Erectile dysfunction is caused by many different factors – when it is an age-related problem, first-line treatment options like Viagra and other PDE-5 inhibitors usually suffice. It is more complicated to develop a proper treatment plan in men with ED due to nerve damage. This condition is common in men who have sustained spinal cord injury or undergone radical prostatectomy as well as in patients with diabetes. One of the most recent additions to the array of treatment options available to such patients is penile vibratory stimulation.

Penile vibratory stimulation or PVS therapy involves using special devices to activate the pudendal nerves located inside the penis. When stimulated, the nerve endings release nitric oxide leading to an increase in the levels of cGMP and subsequent relaxation of smooth muscles lining the blood vessels in the penile shaft. As the result, the penis is filled with blood and an erection occurs. Unlike other treatments that require the patient to be sexually stimulated for them to work, PVS proves to be effective even in the absence of external visual sexual stimuli, as this study by Segal et al shows.

Although penile vibratory stimulation is not yet included in the current edition of the American Urological Association Guidelines on Erectile Dysfunction, there is at least one FDA-approved PVS device currently available for purchase. It is Viberect by US-based Reflexonic LLC – a rehabilitation device equipped with two vibrating soft pads that, when placed on the head of the penis, stimulate the pudendal nerves and trigger an erection within 3-10 minutes. Viberect is recommended for treatment of mild to moderate erectile dysfunction, especially in post-prostatectomy patients and men with spinal cord injury. There’s also an updated version of the device made especially for the latter group of patients, the Viberect X3. It is designed to treat erectile dysfunction and induce ejaculation in men with anorgasmia/anejaculation.

There are multiple researches studying the efficacy and safety of PVS therapy in men with erectile dysfunction. A 2018 article by Clavell Hernandez et al published in the Journal of Sexual Medicine studies 31 patients who underwent radical prostatectomy and used Viberect to help restore sexual function afterwards. Although the study did record a higher trend in the erectile function score among the PVS patients when compared to the control group, the difference wasn’t statistically significant. The PVS patients were also more satisfied with the results of the treatment than the control group members.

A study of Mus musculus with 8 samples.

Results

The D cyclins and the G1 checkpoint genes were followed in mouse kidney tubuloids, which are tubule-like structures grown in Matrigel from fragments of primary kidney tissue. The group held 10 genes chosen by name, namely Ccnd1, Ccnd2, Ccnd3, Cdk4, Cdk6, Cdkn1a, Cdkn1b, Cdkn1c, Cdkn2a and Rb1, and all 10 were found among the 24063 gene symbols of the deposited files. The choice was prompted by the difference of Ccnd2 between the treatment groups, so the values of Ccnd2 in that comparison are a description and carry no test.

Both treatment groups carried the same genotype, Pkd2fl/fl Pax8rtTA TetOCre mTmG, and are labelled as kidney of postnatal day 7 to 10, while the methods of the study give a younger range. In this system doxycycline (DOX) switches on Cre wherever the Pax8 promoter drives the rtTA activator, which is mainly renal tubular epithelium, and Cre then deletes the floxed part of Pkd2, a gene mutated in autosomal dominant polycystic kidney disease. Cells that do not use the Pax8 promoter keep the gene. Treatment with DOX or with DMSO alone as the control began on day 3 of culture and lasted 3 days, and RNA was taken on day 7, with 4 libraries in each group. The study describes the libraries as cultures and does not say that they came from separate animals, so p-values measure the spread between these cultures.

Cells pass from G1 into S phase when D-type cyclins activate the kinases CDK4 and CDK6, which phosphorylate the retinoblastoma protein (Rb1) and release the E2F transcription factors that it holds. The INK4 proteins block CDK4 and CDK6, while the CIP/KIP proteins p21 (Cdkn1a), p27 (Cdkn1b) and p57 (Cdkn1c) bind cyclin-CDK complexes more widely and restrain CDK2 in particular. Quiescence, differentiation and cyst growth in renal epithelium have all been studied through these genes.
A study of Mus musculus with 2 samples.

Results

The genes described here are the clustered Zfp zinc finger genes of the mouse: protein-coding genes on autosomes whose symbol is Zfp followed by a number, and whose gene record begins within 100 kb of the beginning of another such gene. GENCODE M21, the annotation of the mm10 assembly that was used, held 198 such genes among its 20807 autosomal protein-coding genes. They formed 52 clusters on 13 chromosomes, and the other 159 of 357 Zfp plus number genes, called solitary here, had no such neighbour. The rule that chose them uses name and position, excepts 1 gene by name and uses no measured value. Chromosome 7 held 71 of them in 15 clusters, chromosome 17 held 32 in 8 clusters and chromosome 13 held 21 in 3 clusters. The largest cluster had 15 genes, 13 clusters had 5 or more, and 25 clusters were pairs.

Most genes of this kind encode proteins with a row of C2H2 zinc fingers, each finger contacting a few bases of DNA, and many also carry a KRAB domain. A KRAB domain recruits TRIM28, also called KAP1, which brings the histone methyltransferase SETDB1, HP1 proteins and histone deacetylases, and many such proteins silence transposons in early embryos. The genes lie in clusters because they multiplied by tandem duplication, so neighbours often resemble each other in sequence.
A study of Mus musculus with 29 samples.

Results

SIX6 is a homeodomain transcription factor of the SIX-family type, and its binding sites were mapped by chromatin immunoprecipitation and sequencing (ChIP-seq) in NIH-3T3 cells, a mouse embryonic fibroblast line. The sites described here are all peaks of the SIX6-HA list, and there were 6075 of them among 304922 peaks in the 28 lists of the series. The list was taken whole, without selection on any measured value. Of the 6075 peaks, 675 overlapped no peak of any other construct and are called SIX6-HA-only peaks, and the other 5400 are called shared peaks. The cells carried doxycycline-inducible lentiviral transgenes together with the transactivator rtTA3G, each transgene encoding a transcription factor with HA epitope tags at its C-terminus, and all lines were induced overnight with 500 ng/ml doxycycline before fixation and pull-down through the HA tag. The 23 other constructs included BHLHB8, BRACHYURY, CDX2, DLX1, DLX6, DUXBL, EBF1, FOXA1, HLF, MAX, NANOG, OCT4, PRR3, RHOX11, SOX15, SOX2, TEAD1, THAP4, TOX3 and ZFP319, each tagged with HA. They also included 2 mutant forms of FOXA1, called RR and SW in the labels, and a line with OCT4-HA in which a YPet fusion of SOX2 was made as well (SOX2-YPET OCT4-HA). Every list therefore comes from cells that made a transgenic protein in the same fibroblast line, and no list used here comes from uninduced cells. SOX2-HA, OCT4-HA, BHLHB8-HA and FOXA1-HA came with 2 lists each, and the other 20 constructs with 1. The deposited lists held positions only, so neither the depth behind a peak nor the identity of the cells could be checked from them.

An earlier study by Fode et al produced similar results although it focused on 68 post-prostatectomy patients who underwent rehabilitation therapy with PDE-5 inhibitors. 30 of the patients enrolled in the study used Ferti Care PVS device by Danish Multicept A/S alongside medication and 38 relied on the medication alone. Overall, there was a trend towards better erectile function in the PVS+PDE5i group.

A study by Richard Wassersug and Erik Wibowo published in 2017 also shows that there are other vibrators apart from Viberect that help men with ED. It mentions Cobra Libre and Pulse as possible replacements.

An analysis of Viberect user reviews on Amazon proves that the results vary from person to person. The device has an overall rating on 2.9 out of 5 stars. 21 out of 43 reviewers say Viberect works for them, 6 say it somewhat works and 16 either claim that it’s completely ineffective or complain about other things that render the device useless for them – e.g. high noise levels, technical problems, etc.

Even though the efficacy of penile vibratory stimulation is lower than that of Viagra and similar medications, this form of treatment is a viable option for non-responders to PDE-5 inhibitors. As more researches analyze its safety and develop more advanced methods of its application in future, it is expected to grow in popularity.